World Economy

UK Gov’t Gets Wake-Up Call

UK Gov’t Gets Wake-Up CallUK Gov’t Gets Wake-Up Call

The British government has been told to “wake-up” as further evidence of a slowdown in the UK economy emerged Monday morning from two separate surveys.

The British Chambers of Commerce Q1 economic survey found that growth in the UK economy continued to suffer in the first three months. In the services sector domestic sales and orders reached their lowest level for over three years. In manufacturing, domestic sales fell again and remain low in historical terms, dofonline reported.

According to the latest Business Trends Report from accountants and business advisers, BDO, the slowing services industry is knocking the confidence of UK businesses with its output index and optimism index falling for the past six consecutive months.

Both bodies urged the government to give more support to struggling businesses.

The BCC revealed that the manufacturing sector had seen a slight increase in the number of firms reporting improved export sales and orders but fewer have grown their workforce in the last three months.

Confidence Low

Last month the BCC's previous director general resigned after he breached the group's neutral stance on the referendum and spoke in favor of a British exit from the EU.

The BCC survey of more than 8,500 companies, the largest of its kind, painted a mixed picture of Britain's job market.

Pay pressures, a key determinant of policy for the Bank of England, eased overall.

In the services sector the percentage of companies struggling to recruit has risen to 63, the highest level for 18 years. Confidence in turnover and profitability for both sectors remains low by historical standards.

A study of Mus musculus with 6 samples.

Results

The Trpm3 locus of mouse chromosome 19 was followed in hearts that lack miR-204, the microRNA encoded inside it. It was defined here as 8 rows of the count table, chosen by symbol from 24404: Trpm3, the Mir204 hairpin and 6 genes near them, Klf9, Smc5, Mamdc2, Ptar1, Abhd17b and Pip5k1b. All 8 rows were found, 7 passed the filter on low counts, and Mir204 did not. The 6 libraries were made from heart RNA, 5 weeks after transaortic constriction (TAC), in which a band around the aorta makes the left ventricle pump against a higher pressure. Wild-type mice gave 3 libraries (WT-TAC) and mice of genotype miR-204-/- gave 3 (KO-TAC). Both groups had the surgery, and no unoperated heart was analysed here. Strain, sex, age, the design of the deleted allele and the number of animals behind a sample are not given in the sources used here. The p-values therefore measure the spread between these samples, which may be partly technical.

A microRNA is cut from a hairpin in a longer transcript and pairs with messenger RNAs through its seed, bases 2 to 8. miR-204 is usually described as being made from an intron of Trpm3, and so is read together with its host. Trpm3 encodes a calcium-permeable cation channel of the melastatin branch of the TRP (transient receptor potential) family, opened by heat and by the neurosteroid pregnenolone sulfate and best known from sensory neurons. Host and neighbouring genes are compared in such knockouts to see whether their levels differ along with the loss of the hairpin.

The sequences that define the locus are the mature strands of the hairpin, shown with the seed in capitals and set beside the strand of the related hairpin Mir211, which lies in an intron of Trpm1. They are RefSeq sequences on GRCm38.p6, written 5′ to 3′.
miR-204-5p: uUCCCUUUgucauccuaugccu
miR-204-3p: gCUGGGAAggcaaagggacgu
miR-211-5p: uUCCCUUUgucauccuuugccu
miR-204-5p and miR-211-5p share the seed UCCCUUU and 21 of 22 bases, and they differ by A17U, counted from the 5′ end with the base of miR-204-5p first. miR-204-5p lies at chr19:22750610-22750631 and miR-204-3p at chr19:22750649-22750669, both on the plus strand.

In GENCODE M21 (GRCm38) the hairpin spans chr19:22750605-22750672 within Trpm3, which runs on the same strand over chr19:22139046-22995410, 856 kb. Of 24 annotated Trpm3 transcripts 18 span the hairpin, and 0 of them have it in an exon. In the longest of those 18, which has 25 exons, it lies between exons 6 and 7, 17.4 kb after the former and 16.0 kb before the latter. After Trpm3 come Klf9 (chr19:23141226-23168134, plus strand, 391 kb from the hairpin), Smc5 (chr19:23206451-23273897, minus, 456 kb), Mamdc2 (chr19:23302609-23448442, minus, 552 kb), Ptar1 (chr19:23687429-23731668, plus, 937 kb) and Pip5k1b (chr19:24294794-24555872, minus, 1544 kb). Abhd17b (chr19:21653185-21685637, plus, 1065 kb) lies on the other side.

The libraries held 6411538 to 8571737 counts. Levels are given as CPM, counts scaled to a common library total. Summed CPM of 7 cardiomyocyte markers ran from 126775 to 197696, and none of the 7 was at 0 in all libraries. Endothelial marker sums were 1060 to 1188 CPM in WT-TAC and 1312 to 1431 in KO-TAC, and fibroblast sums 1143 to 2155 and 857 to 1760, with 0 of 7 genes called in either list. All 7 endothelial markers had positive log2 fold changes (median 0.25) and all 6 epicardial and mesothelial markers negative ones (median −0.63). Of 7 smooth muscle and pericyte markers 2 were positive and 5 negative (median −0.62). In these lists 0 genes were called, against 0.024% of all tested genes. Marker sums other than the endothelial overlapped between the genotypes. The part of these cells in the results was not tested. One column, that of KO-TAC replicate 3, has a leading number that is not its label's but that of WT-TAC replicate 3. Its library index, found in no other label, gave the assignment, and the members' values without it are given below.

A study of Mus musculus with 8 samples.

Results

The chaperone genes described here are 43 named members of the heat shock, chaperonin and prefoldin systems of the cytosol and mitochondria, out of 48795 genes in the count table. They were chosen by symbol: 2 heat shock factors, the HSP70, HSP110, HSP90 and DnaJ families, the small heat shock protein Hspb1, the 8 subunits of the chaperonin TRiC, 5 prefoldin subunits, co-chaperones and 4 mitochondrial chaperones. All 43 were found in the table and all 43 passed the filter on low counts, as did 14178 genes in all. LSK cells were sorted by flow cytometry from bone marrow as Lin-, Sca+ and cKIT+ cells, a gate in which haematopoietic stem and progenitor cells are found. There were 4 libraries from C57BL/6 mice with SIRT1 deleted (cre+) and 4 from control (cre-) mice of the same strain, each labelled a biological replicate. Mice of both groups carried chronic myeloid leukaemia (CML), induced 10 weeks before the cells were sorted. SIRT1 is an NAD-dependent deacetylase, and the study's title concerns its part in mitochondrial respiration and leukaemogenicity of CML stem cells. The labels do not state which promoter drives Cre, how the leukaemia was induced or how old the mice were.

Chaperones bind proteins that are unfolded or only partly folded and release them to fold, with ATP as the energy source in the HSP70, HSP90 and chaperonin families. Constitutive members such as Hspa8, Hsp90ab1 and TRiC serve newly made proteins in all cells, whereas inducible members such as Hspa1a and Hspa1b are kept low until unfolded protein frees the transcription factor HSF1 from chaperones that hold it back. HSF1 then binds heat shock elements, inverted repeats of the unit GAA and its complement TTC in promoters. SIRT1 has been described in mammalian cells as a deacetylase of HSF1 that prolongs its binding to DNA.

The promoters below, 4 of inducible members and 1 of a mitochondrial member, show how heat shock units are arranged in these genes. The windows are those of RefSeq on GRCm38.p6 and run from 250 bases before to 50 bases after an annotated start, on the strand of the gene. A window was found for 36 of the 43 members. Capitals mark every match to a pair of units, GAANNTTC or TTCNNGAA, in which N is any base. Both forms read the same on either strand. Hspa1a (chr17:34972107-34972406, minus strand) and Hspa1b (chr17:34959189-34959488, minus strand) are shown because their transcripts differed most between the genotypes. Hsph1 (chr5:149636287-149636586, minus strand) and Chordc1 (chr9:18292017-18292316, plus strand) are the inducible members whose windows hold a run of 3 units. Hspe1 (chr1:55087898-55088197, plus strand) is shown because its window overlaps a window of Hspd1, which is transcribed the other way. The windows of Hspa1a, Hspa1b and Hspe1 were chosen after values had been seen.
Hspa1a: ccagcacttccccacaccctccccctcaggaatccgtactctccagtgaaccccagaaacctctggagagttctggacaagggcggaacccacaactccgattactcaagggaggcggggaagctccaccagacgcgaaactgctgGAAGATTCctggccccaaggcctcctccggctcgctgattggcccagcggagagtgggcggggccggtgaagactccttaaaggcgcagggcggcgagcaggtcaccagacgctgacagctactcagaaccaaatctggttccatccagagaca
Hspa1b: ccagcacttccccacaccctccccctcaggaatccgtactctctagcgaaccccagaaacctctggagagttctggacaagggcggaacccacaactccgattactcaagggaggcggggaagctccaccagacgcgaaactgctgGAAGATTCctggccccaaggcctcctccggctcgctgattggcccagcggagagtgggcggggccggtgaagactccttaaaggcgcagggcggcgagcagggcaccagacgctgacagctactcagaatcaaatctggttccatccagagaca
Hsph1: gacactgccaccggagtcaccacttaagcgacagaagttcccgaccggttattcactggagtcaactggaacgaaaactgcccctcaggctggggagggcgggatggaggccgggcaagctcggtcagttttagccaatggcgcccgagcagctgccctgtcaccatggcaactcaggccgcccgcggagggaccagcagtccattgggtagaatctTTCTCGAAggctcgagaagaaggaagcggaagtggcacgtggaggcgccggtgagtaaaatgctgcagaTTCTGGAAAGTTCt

The balance of firms intending to invest in plant and machinery and training fell in the services sector.

Adam Marshall, acting director general at the BCC, said: “The UK economy is in a holding pattern. While the picture is static overall, there are clear indications that economic growth is continuing to soften. From sales and orders to confidence and investment intentions, many of the business indicators we track are at a low ebb.

The softening environment should be a wake-up call for Westminster. Further action is likely to be needed to support business confidence, encourage trade and underpin investment in the months ahead.”

The BDO said business optimism was at its lowest level in more than two years with firms feeling “starved of investment” and uncertainty about the UK’s future membership of the EU delaying spending decisions.

Additional Support Necessary

It said manufacturing businesses were particularly pessimistic with order books now likely to decline sharply in the next 6 months if nothing changes in government policy.

“The UK’s slowing economy is in need of additional support to protect its growth. Recently both the IMF and the OECD have warned of the dangers of too much austerity in the UK,” said Peter Hemington, partner at BDO. “The government can currently borrow at rates never seen before. It is in a prime position to safeguard economic growth by investing in our public infrastructure. Expansion in our road, house and rail building program could reignite UK manufacturing and our steel industry would be a prime beneficiary.”

A separate survey from credit card company Visa Europe suggested consumer demand, a pillar of Britain's economic upturn since 2013, held up well during the first quarter.

Its inflation-adjusted gauge of consumer spending, based on card transactions data, rose 2.3% year-on-year in March, up slightly from 2.2% in February.